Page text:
The Finance Ministry’s general secretary for public revenues, Haris Theoharis, resigned from his post on Thursday, abruptly ending a job that was created in 2012 under pressure from Greece’s troika of international creditors with a view to making the country’s tax administration more independent.
The official explanation for the resignation of Theoharis, whose term was scheduled to run until 2018, was “personal reasons,” but it was clear that he had irked some government officials with his methods and that he was pressed to step down. Among the decisions believed to have annoyed government officials was his recent attempt to tax Greek bondholders retroactively, a move that prompted a quick about-turn by the ministry.
Theoharis defended his record. “I don’t feel like I’ve been made a scapegoat because something went wrong,” he said. “Those who feel that something went wrong should look at their own actions,” he said. The 43-year-old emphasized that his job had been to enforce policy decisions, not to formulate them.
Minister Yannis Stournaras, with whom Theoharis is known to have had a good relationship, thanked the latter for his “ethos, integrity and respect for the public interest,” adding that his efforts had bolstered Greece’s tax reforms and helped meet fiscal targets.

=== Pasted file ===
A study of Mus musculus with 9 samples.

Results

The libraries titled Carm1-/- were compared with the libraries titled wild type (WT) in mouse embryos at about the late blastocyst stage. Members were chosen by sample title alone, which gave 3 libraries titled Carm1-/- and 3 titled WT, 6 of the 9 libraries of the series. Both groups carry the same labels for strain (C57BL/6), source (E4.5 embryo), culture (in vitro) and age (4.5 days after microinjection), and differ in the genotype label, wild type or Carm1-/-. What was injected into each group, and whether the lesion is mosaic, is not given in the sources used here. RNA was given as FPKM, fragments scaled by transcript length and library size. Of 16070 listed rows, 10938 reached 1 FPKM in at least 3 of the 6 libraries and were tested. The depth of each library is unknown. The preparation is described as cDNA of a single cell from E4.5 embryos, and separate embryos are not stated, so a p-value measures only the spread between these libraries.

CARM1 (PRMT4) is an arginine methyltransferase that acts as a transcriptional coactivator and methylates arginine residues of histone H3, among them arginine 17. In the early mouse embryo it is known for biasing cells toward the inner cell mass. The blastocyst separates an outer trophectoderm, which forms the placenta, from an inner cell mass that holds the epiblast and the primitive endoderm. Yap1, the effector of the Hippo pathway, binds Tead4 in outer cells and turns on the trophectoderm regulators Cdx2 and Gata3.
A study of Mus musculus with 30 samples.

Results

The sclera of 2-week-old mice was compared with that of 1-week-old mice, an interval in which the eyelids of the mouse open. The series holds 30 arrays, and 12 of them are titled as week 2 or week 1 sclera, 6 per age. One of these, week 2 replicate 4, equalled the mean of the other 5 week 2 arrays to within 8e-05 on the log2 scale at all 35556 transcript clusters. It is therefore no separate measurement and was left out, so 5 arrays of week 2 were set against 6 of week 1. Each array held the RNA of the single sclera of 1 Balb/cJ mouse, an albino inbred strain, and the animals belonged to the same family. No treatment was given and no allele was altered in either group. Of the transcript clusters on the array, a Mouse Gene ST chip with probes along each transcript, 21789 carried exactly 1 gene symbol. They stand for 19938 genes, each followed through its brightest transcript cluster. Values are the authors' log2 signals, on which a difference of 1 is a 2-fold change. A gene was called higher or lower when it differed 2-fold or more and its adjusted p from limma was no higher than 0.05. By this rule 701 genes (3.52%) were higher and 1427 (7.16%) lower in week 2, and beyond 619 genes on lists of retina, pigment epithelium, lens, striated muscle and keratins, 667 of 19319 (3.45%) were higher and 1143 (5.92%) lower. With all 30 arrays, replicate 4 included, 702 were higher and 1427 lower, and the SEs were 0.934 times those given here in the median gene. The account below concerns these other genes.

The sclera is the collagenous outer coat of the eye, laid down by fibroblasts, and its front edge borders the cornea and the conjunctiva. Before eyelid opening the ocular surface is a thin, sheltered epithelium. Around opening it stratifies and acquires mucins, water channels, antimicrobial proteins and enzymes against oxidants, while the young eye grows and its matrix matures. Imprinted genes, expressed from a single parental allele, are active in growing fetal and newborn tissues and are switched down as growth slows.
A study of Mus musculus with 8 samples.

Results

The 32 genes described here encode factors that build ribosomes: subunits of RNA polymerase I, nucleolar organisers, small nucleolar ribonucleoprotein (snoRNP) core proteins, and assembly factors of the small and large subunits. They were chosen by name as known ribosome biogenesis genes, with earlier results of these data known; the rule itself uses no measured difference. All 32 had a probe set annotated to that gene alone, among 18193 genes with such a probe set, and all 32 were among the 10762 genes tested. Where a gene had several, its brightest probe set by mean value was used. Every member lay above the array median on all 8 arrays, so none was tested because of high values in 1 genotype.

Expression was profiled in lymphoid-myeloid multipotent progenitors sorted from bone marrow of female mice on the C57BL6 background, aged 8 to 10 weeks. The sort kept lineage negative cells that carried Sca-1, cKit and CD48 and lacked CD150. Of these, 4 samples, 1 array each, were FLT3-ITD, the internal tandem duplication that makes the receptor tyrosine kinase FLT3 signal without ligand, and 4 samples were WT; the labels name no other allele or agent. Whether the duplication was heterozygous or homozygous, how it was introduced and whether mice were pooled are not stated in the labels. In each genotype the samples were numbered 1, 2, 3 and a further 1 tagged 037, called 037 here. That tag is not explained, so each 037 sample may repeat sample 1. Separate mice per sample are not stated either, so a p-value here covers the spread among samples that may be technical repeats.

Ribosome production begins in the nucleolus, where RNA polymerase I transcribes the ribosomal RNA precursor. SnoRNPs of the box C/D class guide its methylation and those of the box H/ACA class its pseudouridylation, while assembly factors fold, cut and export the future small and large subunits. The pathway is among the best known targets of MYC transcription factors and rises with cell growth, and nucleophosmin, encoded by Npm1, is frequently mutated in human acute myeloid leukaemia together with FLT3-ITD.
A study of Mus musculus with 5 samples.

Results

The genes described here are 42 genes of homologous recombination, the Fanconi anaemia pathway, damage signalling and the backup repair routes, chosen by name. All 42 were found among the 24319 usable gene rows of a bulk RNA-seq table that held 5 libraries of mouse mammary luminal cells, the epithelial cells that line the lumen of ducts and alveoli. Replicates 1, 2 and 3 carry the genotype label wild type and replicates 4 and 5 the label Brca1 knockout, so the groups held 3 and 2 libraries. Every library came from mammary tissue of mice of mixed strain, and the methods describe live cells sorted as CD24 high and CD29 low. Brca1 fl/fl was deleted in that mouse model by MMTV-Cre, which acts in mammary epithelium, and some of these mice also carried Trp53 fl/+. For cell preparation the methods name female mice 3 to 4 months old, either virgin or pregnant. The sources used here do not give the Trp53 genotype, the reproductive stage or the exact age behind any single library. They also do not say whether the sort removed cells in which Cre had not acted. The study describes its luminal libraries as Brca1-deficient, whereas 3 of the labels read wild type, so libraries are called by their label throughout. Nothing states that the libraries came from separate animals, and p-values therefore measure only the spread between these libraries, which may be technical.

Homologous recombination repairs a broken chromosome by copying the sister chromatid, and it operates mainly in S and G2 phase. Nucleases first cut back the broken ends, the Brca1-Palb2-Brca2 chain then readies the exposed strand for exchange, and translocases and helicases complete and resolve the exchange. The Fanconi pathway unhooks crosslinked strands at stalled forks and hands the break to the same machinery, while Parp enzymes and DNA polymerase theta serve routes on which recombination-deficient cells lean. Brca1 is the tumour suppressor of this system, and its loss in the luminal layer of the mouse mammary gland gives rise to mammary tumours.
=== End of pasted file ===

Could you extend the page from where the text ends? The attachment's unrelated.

Theoharis’s departure made waves beyond Greece too, with a European Commission spokesman expressing “serious concern” at the resignation. Noting that Theoharis had played a “key role” in improving Greece’s finances, Simon O’Connor insisted that Athens must not lapse on reforms. “It is essential that the government ensures full continuity in the delivery of planned reforms to improve the efficiency of the administration, combat fraud and evasion, and secure increasing government revenues,” he said. The statement irked the ministry, which said the EC spokesman was “wrong” to express concern at Theoharis’s departure.
Meanwhile it emerged that Stournaras, who is widely expected to leave the ministry in a cabinet reshuffle in the coming days, met with the head of the International Monetary Fund, Christine Lagarde, and the IMF’s envoy to Greece, Poul Thomsen, in Paris on Tuesday. IMF spokesman Gerry Rice told reporters in Washington that the three discussed “the way forward for Greece and issues of common interest” though sources indicated that the much-anticipated launch of debt relief talks in the fall was also on the agenda. Rice added that an IMF report on Greece is to be published “in the coming days.”